Brazil’s central bank signaled today it will keep interest rates at a record low for an extended period as it seeks to boost economic growth.
The rate-setting committee “assesses that the prospective scenario for inflation presents favorable signs and reaffirms its vision that inflation accumulated over 12 months is tending to converge toward the target, though in a non-linear fashion,” the bank said in the minutes to its Nov. 27-28 meeting published today.
The bank’s board, led by President Alexandre Tombini, voted unanimously last week to keep the benchmark Selic rate at a record low 7.25 percent, marking the end of the biggest easing cycle among the Group of 20 nations. Policy makers kept borrowing costs steady in an effort to slow inflation without aborting a slower-than-expected recovery.
While the economic outlook for the remainder of this year and next is favorable, a weak global expansion, falling wholesale prices, and excess domestic capacity will help inflation converge toward the target of 4.5 percent, the central bank said in the minutes.
The more vague language used by the bank to describe economic growth could indicate waning confidence in a recovery, said Enestor Dos Santos, senior economist at Banco Bilbao Vizcaya Argentaria SA.
“The conviction is not as strong,” Santos said in a telephone interview from Madrid. “There are two or three passages that show a more cautious position regarding the recovery.”
The bank’s rate decision preceded release of the third-quarter gross domestic product number, which showed the economy expanded at half the pace economists forecast.
In an attempt to accelerate recovery, policy makers will resume monetary easing and cut the benchmark rate to 6.25 percent next year, Banco Itau BBA SA said in a research report.
Traders see a 59 percent chance of a rate cut in the central bank’s March meeting, according to Bloomberg estimates based on interest rate futures.
Swap rates on the contract maturing in January 2014, the most traded in Sao Paulo today, fell 13 basis points, or 0.13 percentage point, to 6.97 percent at 10:12 a.m. local time. The real strengthened 0.1 percent to 2.0854 per U.S. dollar.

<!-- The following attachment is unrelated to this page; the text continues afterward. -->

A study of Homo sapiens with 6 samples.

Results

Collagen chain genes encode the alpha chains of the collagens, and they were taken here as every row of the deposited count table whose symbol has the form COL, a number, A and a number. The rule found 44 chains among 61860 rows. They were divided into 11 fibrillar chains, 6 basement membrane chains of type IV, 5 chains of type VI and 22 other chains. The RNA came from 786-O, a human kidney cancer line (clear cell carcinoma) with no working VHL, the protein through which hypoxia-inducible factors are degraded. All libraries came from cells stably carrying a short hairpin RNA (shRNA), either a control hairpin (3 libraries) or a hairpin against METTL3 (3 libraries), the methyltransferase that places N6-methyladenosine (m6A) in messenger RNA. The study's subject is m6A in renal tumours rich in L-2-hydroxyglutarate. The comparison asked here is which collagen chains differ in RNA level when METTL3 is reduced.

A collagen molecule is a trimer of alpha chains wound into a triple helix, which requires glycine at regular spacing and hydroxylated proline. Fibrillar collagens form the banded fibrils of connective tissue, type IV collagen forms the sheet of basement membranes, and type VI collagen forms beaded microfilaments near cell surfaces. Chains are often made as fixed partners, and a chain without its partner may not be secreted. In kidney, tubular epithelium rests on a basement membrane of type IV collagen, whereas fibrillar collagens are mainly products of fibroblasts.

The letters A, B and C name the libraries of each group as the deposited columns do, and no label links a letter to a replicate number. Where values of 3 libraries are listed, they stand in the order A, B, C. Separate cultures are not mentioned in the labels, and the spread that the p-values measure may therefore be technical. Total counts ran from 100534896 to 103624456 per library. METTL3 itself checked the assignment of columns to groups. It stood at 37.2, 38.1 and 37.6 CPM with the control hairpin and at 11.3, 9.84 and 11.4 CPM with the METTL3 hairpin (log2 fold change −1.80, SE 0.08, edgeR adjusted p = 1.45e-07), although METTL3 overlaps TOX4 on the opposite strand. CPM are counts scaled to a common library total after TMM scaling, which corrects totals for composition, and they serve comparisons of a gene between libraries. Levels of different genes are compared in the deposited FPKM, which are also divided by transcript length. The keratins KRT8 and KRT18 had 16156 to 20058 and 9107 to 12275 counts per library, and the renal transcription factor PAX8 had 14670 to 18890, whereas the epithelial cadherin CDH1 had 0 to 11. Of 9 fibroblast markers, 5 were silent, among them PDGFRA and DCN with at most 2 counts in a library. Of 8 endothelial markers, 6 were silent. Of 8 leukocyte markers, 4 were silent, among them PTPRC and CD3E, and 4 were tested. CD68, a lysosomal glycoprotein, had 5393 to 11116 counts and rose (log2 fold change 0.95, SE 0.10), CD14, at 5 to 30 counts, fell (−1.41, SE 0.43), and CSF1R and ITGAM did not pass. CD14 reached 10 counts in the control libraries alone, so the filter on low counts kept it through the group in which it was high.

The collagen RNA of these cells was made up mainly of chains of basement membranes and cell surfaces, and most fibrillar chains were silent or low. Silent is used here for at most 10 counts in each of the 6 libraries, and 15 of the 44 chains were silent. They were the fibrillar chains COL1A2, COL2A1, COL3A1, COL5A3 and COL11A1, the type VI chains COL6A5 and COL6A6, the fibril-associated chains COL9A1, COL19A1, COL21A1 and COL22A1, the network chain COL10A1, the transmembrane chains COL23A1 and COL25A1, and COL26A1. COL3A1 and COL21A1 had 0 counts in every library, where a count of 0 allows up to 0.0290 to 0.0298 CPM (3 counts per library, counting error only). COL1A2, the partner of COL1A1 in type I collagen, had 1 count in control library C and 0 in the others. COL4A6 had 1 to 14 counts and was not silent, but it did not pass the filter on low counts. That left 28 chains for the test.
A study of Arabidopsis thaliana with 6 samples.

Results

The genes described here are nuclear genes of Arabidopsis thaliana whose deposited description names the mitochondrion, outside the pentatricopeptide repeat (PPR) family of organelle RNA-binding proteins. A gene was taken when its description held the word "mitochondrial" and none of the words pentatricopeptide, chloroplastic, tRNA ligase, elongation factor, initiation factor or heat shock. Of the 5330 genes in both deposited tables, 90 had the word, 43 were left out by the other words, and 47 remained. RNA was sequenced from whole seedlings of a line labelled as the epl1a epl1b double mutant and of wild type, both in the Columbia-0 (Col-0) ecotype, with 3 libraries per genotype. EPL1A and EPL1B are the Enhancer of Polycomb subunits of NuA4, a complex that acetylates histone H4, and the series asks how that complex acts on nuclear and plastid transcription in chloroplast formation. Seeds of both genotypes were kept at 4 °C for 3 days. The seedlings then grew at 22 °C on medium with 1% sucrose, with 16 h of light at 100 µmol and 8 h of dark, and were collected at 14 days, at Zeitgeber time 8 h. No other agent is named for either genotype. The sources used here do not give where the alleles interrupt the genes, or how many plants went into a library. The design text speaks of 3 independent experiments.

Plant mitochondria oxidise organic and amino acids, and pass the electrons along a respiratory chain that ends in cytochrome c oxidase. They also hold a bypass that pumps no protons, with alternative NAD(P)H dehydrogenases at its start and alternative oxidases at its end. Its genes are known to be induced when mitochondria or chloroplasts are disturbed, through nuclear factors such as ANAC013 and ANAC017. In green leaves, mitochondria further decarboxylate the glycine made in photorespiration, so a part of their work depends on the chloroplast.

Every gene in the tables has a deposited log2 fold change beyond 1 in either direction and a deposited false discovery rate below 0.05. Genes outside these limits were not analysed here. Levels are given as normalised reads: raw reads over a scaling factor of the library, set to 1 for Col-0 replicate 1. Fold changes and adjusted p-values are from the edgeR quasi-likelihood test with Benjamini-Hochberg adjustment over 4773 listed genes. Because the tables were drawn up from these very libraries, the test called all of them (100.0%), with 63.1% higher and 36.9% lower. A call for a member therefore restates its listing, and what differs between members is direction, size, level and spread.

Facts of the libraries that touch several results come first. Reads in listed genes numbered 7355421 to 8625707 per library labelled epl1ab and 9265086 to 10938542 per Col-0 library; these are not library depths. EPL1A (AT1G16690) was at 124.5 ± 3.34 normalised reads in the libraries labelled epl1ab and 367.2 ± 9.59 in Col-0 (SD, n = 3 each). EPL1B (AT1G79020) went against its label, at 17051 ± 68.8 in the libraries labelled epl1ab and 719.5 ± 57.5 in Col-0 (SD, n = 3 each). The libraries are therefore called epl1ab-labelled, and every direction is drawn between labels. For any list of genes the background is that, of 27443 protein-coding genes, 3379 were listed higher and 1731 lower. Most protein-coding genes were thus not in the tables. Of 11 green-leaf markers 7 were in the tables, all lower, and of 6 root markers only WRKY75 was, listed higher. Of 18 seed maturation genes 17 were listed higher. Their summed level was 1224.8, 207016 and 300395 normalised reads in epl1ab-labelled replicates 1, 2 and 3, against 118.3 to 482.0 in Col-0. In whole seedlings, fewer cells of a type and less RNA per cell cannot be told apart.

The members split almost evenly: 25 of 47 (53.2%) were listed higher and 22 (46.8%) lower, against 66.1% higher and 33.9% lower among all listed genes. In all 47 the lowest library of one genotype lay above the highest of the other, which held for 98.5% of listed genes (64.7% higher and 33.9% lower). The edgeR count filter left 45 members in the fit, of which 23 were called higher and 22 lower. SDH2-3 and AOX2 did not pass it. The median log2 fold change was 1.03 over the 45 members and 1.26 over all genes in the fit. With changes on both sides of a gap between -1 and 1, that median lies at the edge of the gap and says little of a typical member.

Stable monetary conditions for a “prolonged period of time” are the most adequate strategy to guarantee convergence of inflation to target, the bank said, repeating language it used following last week’s meeting.
Since August 2011, the bank has cut interest rates by 525 basis points as the government reduced taxes, pressured commercial banks to lower rates and raised tariffs to help manufacturers.
Brazil’s economy expanded 0.6 percent in the third quarter as investment fell for the fifth straight period. As a result, economists in the central bank’s latest survey cut their 2013 growth forecasts to 3.7 percent from 3.94 percent. They forecast GDP will expand 1.27 percent this year, less than the U.S. as well as Russia, India and China.
The government’s measures have set the stage for the economy to grow 4 percent in 2013, Finance Minister Guido Mantega said in an interview on Dec. 4.
“Lower interest rates, lower taxes and a more competitive exchange rate are the pillars of an economy that will start investing more,” Mantega said in his Brasilia office. “The economy was addicted to high interest rates. It’s an addiction almost like cocaine.”
Mantega announced yesterday a reduction in national development bank BNDES’ long-term lending rate, known as TJLP, to 5 percent from 5.5 percent effective in January. BNDES will also extend for another year by 100 billion reais ($47.9 billion) an emergency credit line established during the 2009 credit freeze to fund the purchase of capital goods. Of the total, up to 15 billion in loans can come from private banks against deposits they’re required to hold at the central bank, he said.
Some indicators show the economy may already have bottomed out. Retail sales in September grew for the fourth straight month, and industrial production in October rose from the previous year for the first time since August 2011. Consumer confidence reached its highest level in November since December 2010.
Even as growth remains sluggish, policy makers are still battling higher consumer prices. Inflation accelerated to 5.64 percent in the year through mid-November, the fastest pace since February. Economists in the latest central bank survey forecast it will slow to 5.4 percent in 2013.
Tombini said in an interview last month that inflation will converge to the central bank’s target by the third quarter of next year, though not necessarily in a linear fashion. Earlier in 2012 he repeatedly predicted it would reach the target by year-end.